By the end of October, Microsoft will have a new operating system on the market and the world of PC laptops will finally have found a way to property connect the tablet and laptop environment. We’ll see Intel’s Core range working in tablets and they’ll be fast, multimedia friendly, and should make Ultrabooks better, but that’s not all Intel is cooking up.
Announced this week, Intel will not only be providing the third-generation Core technology known as Ivy Bridge to computer makers, but will also be reviving the Atom name, a chip type that was previously used in the Netbook range.
Some of the new tablets will in fact be using the Z2760, a chip model that has been designed specifically for Windows 8 products and manages to be a “system on a chip,” supporting dual-core technology, built-in graphics, and a battery life expected to last roughly three weeks of standby time or up to ten hours of high definition video playback.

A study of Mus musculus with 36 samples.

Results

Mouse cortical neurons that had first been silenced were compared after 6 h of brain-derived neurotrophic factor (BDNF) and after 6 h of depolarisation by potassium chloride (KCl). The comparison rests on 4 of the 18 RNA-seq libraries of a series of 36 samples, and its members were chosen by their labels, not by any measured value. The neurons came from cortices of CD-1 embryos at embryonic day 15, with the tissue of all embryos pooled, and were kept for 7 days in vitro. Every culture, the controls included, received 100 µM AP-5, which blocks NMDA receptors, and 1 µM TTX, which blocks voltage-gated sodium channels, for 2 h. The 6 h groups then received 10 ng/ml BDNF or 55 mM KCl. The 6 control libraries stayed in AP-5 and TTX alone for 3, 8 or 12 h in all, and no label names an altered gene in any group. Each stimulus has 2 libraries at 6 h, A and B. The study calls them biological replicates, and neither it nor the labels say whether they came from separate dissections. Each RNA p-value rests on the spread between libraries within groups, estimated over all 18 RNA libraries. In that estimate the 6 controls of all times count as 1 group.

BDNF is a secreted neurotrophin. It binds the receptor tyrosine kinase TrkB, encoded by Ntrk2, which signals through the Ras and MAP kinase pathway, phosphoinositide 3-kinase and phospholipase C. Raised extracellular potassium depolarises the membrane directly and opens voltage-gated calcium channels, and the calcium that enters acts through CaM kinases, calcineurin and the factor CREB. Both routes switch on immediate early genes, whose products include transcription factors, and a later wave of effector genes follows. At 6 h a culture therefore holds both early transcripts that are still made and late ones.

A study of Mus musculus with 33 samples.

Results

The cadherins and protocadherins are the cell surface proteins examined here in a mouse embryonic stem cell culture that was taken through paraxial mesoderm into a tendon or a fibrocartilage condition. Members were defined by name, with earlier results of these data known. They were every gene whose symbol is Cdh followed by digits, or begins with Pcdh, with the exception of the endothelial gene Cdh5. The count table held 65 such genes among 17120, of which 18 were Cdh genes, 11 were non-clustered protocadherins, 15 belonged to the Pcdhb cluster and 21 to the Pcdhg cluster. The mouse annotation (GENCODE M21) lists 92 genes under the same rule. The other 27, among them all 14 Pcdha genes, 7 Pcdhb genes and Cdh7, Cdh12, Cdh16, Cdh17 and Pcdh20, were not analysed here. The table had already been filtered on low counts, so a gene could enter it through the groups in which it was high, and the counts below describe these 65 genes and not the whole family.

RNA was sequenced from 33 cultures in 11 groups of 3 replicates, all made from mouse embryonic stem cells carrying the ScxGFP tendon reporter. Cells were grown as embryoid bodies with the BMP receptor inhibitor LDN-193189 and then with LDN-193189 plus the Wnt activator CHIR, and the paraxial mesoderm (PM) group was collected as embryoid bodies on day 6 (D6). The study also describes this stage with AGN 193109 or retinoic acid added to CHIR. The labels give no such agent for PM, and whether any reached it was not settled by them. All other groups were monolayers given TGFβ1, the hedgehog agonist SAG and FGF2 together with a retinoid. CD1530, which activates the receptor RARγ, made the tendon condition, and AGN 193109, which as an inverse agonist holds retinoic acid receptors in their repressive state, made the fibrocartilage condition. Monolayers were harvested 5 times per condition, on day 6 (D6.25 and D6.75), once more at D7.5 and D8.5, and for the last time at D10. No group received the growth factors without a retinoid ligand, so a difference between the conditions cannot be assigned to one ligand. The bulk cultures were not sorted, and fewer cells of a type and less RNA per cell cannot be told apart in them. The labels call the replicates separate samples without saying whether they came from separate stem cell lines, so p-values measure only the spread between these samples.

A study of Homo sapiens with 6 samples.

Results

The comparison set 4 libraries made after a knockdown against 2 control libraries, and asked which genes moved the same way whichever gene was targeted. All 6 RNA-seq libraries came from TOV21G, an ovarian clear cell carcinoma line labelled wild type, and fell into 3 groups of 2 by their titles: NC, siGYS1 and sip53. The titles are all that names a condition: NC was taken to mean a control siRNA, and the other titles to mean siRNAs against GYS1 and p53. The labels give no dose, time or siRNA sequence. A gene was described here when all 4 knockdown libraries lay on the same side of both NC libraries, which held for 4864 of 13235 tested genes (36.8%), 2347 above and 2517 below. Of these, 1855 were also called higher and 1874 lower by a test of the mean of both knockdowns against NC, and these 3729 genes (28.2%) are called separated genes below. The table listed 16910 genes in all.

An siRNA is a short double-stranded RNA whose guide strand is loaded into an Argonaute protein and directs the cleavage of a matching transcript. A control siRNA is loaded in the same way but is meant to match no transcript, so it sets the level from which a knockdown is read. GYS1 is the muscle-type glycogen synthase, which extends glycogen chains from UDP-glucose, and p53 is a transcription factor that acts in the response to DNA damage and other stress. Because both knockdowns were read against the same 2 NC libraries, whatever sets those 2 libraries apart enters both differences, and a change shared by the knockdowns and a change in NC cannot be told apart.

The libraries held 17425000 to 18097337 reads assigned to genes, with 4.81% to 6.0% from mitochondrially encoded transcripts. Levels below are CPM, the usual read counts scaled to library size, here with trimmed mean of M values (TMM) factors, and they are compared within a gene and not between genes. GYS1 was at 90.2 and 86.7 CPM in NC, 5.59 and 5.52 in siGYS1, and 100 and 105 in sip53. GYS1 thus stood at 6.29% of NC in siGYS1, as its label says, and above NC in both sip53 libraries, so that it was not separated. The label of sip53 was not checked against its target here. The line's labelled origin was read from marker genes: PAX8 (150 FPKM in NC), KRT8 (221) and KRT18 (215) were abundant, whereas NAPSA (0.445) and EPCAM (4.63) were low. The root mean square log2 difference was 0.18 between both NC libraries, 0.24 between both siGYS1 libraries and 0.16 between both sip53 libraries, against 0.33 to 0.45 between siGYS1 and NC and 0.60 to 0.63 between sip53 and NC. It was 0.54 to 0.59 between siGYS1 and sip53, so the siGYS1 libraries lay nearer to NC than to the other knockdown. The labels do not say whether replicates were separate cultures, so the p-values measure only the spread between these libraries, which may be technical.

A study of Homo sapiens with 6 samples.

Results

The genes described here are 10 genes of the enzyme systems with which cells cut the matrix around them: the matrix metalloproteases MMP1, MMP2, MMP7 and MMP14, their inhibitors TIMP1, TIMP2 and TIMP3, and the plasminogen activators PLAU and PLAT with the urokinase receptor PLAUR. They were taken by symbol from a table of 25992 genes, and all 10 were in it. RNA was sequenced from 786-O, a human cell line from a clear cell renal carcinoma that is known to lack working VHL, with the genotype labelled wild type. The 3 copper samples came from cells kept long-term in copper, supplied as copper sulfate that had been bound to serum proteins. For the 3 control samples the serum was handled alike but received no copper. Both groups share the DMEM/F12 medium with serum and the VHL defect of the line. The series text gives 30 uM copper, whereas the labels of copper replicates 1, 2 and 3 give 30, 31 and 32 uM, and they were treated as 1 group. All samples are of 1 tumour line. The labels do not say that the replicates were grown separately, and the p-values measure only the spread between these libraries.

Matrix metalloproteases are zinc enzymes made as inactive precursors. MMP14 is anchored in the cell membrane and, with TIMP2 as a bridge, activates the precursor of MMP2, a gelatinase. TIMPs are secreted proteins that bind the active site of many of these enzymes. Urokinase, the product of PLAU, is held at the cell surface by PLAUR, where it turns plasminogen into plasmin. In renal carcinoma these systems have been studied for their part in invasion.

Multimedia support will cover cameras up to eight megapixels, with the wireless Near-Field Communication technology, 3G and 4G support, and of course, WiFi.
There aren’t many laptop computers we can cite that have standby or functional life as strong as what Intel is suggesting here, and while we’re not sure if the performance of Intel’s new Atom will equal that of the Core chips, we’re keen to see a tablet go without charging for a week, which is something we can’t really do on our iPad or Android tablets.
Intel also took the time to announce some of the products that will be featuring the Atom chip, and now we know that at least one product in Samsung’s recently announced ATIV PC range will likely use the processor, as will devices from Acer, Asus, Lenovo, and Dell.
Pricing is yet to be announced for any of these products, but with Windows 8 being released in the last week or October, it shouldn’t be too long before the computer makers tell us more.